More than 100,000 tech workers have lost their jobs this year, according to Layoffs.fyia site that tracks layoffs. The cuts range from well-known publicly traded companies like Meta, Salesforce, Booking.com and Lyft to highly valued private start-ups such as the Gopuff delivery service and the Chime and Brex financial platforms.
Many of the job losses have taken place in tech’s most experimental areas. Astra, a rocket company, cut 16 percent of its staff this week after tripling its head count last year. In the cryptocurrency industry, which has suffered a meltdown this year, high-value companies including Crypto.com, Blockchain.com, OpenSea and Dapper Labs have cut hundreds of workers in recent months.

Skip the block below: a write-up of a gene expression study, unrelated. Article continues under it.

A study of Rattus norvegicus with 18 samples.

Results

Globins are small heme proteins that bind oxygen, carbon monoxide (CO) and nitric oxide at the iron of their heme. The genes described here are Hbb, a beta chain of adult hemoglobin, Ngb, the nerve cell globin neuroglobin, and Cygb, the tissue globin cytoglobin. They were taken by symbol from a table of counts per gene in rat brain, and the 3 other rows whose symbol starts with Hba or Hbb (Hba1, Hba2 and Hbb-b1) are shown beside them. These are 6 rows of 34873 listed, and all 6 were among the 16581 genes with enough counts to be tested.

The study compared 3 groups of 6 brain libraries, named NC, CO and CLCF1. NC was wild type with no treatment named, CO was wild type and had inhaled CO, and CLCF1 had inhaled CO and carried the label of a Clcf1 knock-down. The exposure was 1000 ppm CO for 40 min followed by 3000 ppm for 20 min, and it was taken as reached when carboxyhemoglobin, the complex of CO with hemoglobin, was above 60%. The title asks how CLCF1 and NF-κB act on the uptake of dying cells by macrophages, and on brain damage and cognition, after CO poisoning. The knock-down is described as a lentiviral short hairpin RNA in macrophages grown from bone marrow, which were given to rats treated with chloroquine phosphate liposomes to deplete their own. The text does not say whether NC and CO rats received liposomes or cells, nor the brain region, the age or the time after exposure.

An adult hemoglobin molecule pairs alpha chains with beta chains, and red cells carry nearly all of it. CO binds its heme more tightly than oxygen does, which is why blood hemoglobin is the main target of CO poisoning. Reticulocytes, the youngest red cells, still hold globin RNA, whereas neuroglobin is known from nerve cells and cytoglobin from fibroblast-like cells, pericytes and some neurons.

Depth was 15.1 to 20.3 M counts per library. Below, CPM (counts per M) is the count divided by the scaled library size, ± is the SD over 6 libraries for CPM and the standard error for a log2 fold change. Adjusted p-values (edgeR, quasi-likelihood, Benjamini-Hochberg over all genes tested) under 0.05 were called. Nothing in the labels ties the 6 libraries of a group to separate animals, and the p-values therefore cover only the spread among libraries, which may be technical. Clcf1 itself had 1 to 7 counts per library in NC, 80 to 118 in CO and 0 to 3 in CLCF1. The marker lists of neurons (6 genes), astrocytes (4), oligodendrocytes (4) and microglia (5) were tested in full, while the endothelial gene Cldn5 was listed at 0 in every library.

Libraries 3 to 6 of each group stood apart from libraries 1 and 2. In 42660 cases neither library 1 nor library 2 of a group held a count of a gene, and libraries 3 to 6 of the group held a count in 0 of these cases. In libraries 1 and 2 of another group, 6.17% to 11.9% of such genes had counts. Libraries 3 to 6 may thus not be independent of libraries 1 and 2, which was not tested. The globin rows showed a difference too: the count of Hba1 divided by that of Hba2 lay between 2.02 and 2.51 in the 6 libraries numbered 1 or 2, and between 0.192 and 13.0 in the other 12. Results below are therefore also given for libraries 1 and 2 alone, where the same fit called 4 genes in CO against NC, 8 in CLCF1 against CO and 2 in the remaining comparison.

Tech leaders were too slow to react to signs of an economic slowdown that emerged this spring, after many of the companies had already been on hiring sprees for several years, tech analysts said.
Meta, whose valuation soared past $1 trillion, doubled its staff to 87,314 people over the past three years. Robinhood, the stock trading app, expanded its work force nearly sixfold in 2020 and 2021.
“They’ve charged ahead with these plans that are no longer based on reality,” said Caitlyn Metteer, director of recruiting at Lever, a provider of recruiting software.
For many, it’s a moment of shock. “Are we in a bubble” panics in the tech industry over the last decade have always been short-livedfollowed by a rapid return to even frothier good times. Even those who predicted that pandemic behaviors enabled by the likes of Zoom, Peloton, Netflix and Shopify would ebb now say they underestimated the extent.